In one of his plays, William Shakespeare gives the advice: “Be neither a borrower nor a lender.” But borrowing and lending have been aspects of life since exchange became part of life.
Banks were established to offer custody to other people’s money and at the same time lend it to those who wanted to use it in business. A famous American businessperson, W.Clement Stone, had this to say: “Show me a millionaire and I will show you someone who has made use of OPM [meaning other people’s money].” In other words, millionaires have been great borrowers.
When you borrow whether as an individual or a State, you risk the burden of debts. What induces or compels individuals to borrow? Often people want to possess immediate something that they desire such as a car or a house. To save enough to buy chattels like these might take too many years. Hence, some individuals take mortgage loans or hire purchase.
Some people fall into debts because they are spending thrifts. As soon as they earn an income either in employment or business they spend all that they have earned at once. Or sometimes something suddenly happens to them which they cannot post phone such as, serious illness in the family requiring taking the patient to a reputable private doctor who is far away; heavy rains fall and rip off the roof of the house. The owner obtains a loan to repair the house. Such contingences in life are quite common.
Taking uncalculated risks landed Antonio in a debt which Shylock the creditor demanded the borrowers flesh as payment, if you recall The Merchant of Venice.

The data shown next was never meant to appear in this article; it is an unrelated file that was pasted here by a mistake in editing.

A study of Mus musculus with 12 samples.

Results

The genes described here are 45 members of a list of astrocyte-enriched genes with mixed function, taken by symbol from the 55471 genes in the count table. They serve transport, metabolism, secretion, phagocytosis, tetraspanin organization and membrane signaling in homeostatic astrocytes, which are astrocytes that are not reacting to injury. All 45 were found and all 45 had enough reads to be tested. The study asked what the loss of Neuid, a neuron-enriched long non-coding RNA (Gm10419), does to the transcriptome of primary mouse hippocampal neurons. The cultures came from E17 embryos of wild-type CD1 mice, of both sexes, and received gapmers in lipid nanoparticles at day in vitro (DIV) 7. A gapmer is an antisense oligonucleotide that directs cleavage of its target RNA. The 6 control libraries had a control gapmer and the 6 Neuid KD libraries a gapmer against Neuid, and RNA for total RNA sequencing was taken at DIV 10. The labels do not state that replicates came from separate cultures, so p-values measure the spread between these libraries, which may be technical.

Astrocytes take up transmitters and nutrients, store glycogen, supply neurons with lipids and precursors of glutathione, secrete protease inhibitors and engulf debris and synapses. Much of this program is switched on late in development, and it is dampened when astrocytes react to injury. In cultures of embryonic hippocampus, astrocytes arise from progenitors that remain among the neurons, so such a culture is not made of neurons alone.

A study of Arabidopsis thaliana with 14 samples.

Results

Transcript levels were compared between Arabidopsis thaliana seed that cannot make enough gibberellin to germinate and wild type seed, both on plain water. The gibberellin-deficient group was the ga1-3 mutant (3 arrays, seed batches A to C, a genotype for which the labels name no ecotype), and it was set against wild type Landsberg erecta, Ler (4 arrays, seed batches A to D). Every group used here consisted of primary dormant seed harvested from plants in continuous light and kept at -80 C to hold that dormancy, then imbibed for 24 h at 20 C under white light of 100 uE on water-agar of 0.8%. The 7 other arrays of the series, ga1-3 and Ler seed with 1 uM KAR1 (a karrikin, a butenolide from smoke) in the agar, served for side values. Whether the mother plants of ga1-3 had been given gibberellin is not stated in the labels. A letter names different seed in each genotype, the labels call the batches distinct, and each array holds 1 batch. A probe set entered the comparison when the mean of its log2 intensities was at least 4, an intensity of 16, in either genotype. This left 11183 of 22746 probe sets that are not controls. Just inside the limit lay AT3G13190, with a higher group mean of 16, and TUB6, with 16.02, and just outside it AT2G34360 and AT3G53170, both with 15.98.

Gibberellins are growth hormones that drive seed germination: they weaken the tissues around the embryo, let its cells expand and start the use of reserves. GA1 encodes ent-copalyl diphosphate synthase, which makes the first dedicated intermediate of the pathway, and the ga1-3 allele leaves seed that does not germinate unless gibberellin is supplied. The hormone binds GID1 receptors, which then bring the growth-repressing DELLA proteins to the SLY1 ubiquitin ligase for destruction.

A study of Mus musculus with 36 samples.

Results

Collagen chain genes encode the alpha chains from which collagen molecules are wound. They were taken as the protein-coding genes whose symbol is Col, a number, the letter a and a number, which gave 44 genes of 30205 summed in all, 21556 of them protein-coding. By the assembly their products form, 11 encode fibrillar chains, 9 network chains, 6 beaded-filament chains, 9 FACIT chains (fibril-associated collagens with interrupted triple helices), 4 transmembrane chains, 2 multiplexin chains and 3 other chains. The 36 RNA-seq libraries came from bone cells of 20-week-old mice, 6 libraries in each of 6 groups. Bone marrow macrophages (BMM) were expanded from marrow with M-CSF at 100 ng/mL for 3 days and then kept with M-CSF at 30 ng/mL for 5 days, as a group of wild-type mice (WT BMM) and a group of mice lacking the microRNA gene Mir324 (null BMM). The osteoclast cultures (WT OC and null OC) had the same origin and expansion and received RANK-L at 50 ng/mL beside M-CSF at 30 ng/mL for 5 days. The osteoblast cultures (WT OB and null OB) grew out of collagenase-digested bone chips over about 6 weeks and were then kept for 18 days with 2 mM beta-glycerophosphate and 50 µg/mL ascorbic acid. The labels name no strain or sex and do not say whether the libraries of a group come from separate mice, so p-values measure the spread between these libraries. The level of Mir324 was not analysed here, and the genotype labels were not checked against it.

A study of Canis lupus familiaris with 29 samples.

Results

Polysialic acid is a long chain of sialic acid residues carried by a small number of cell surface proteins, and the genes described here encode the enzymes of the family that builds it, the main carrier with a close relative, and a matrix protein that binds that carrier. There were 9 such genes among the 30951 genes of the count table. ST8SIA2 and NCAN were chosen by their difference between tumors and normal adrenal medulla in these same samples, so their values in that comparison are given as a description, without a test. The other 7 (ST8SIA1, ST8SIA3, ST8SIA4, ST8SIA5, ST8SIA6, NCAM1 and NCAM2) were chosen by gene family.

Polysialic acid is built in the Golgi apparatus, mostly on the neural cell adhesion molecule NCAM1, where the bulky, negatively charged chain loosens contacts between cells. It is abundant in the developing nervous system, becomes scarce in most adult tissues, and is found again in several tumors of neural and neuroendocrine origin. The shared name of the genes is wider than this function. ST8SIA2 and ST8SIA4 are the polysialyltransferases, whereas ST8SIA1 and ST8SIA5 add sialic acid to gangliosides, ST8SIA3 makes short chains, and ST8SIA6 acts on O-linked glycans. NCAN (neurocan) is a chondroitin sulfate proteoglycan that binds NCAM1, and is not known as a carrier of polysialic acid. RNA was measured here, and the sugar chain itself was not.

We have talked of personal debts as an introduction to something of national interest. This is the public debt. Recently, it has become more popular to talk of sovereign debts. These are debts owed be sovereign or independent States. Some of the reasons governments find themselves in heavy debts are the same as those which relate to personal and private debts.
From the days of Greek Peloponnesian wars through the wars of American independence of World War II, we see that governments have borrowed money either to defend their country from an invader or just to go out and make conquests. The king of England gave a charter for founding the Bank of England on condition the Bank lent him money to meet costs of waging wars on the continent.
Many States both in the developing and developed hemisphere fall into heavy debts because of the extravagance of those who are in charge of governments. A prudent head of government does not borrow money for recurrent expenditure. This is the expenditure to pay salaries to meet the costs of annual celebrations such as banquets. The President or Prime Minister borrows money for investment, to spend on projects that will directly or indirectly contribute to the growth of the economy.
When a President travels abroad to meet business people and cultivate friendships with other leaders for the purpose of enhancing commercial and economic relationships, this kind of expenditure is investment. The outcomes may not be seen immediately, but in the longer run they will be seen.
So far I refrained from joining those who have commented unfavourably on our Presidents overseas flights which lasted about three weeks. I saw those journeys as a sort of international public relations which can yield economic dividends.
However,sound advice says spend what is in your wallet, borrow what you can easily repay by using it for accelerating economic growth. The accountant general should regularly up-date information on the State of public funds so that those who do the spending do not over spend.